During the mid-winter break, many vacationers head south to sandy beaches and turquoise waters. But in their efforts to unwind —and warm up —they often put themselves at risk of drowning by committing a simple cognitive error referred to as “tourist brain.”
Tourist brain occurs when visual cues in unfamiliar places coax vacationers into taking risks. Recent studies suggest that tourists think beach access points and resorts are located adjacent to safe swimming areas, particularly when visual cues such as manicured paths and promotional posters promote swimming at those locations.
There is also a tendency for tourists to believe that tour guides know whether a beach is dangerous and that their suggestions on where to swim is based on safety, but this also isn’t always true.
In Costa Rica, for example, an average of 20 tourists drown each year. Most of those drownings involve tourists from the United States, Canada and Germany. These beaches aren’t any more dangerous than other locations —the number of tourists who drown in other popular destinations is simply not known or reported.
Why tourists drown
Tourists are a high-risk group for drownings. They’re generally unfamiliar with the beach and its safety measures, and have poor knowledge of beach hazards such as rip currents and breaking waves. This lack of knowledge is further exacerbated by language barriers, overconfidence in swimming ability and the tendency to make unwise swimming decisions after too many beers and umbrella drinks.
Many visitors simply do not think about water safety because beaches also offer plenty of distraction and temptation —drinks, vendors and people watching.
Many beaches popular with tourists do not have lifeguards or systems in place to warn beach users about dangerous waves, fast-changing tidal conditions, dangerous marine life such as sharks and jellyfish, and rip currents. Rip currents are believed to be the primary reason for rescues and drownings on recreational beaches in the United States and around the world.
Rip currents (commonly referred to as “rips” or colloquially as “rip tides”) are found on ocean beaches and some large lakes around the world. Driven by the breaking of waves, these currents extend away from the shoreline and can flow at speeds easily capable of carrying swimmers a great distance from the beach.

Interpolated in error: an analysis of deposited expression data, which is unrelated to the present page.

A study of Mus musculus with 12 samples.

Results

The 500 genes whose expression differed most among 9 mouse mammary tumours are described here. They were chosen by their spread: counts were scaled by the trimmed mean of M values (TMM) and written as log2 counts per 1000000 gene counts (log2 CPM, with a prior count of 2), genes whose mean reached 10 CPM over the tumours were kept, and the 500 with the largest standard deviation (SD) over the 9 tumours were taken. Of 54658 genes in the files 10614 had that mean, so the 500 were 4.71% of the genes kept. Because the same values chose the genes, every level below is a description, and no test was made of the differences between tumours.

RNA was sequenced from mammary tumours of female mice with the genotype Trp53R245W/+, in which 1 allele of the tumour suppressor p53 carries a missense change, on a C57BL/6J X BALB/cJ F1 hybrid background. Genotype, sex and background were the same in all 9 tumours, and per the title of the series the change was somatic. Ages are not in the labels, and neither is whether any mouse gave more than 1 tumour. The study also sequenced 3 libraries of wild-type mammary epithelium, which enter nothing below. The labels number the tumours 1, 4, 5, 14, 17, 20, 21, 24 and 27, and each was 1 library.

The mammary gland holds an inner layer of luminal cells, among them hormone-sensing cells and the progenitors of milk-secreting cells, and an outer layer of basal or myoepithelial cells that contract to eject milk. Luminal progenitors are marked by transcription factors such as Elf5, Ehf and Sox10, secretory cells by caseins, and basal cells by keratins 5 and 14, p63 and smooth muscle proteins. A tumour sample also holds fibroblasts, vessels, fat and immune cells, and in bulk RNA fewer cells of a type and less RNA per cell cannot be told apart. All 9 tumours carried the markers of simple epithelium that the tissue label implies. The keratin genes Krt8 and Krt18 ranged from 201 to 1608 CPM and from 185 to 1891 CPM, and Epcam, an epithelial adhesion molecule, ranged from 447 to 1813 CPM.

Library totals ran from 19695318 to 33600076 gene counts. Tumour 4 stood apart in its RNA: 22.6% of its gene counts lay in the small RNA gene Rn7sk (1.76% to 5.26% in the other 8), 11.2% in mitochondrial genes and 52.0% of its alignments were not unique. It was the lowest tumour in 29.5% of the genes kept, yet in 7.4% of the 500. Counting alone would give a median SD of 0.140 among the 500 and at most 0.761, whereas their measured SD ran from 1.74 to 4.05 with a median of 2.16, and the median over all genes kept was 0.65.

While it can be difficult to spot a rip, they can be identified by an area of relatively calm water between breaking waves, a patch of darker water or the flow of water, sediment and debris offshore.
A person caught in a rip is transported away from shore into deeper waters, but not pulled under the water as is commonly believed. Drowning starts when the swimmer is unable touch the bottom to keep their head above water. If they are a weak swimmer or try to fight the current, they may panic, fail to effectively evaluate the situation or find a way out of the rip and back to shore.
Even when people are aware of rip currents and other beach hazards, they may not make the right decisions. Despite the presence of warnings, our actions are greatly influenced by the behaviour of others, peer pressure and group think. The social cost of not entering the water with the group may appear to outweigh the risk posed by entering the water.
College students on spring break or taking part in study abroad programs are prone to taking risks when on the beach. Their actions are guided by peer participation, sensation seeking and perceived benefits of being part of the group. Rather than stay on the beach, weaker swimmers will put themselves in danger by following the group into breaking waves and deeper water. Young men are the most at risk for following the group and putting themselves in a dangerous situation.
In recent years, a large number of highly publicized drownings have involved students studying abroad. In 2011, for example, three teenagers from Ohio were swept out to sea at Playa Bejuco on the central Pacific Coast of Costa Rica and drowned.
Confirmation bias among beachgoers
If someone enters the water and does not encounter strong waves or currents, they’re more likely to engage in risky behaviour the next day and the next, and so on. The behaviour of beach users is affected by confirmation bias, a cognitive shortcut where a person selectively pays attention to evidence confirming their preexisting beliefs and ignores evidence to the contrary.
Simply put, people believe, “If I did not drown or need rescue in the past, I will not drown or need rescue today or in the future.”
But dangerous currents are not present everywhere or at all times on the beach —the risk is different every time and every place you enter the water. Tourists are three times less likely to make safe swimming choices than residents and regular beachgoers from the region.
Vacationers can stay safe only if they are aware that beaches at tourist destinations may be dangerous. They should also choose to swim at a beach patrolled by lifeguards who will do rescues and intervene when someone puts themselves at risk.
Just because a beach is accessible, has numerous attractions and is near to a resort, does not make it safe.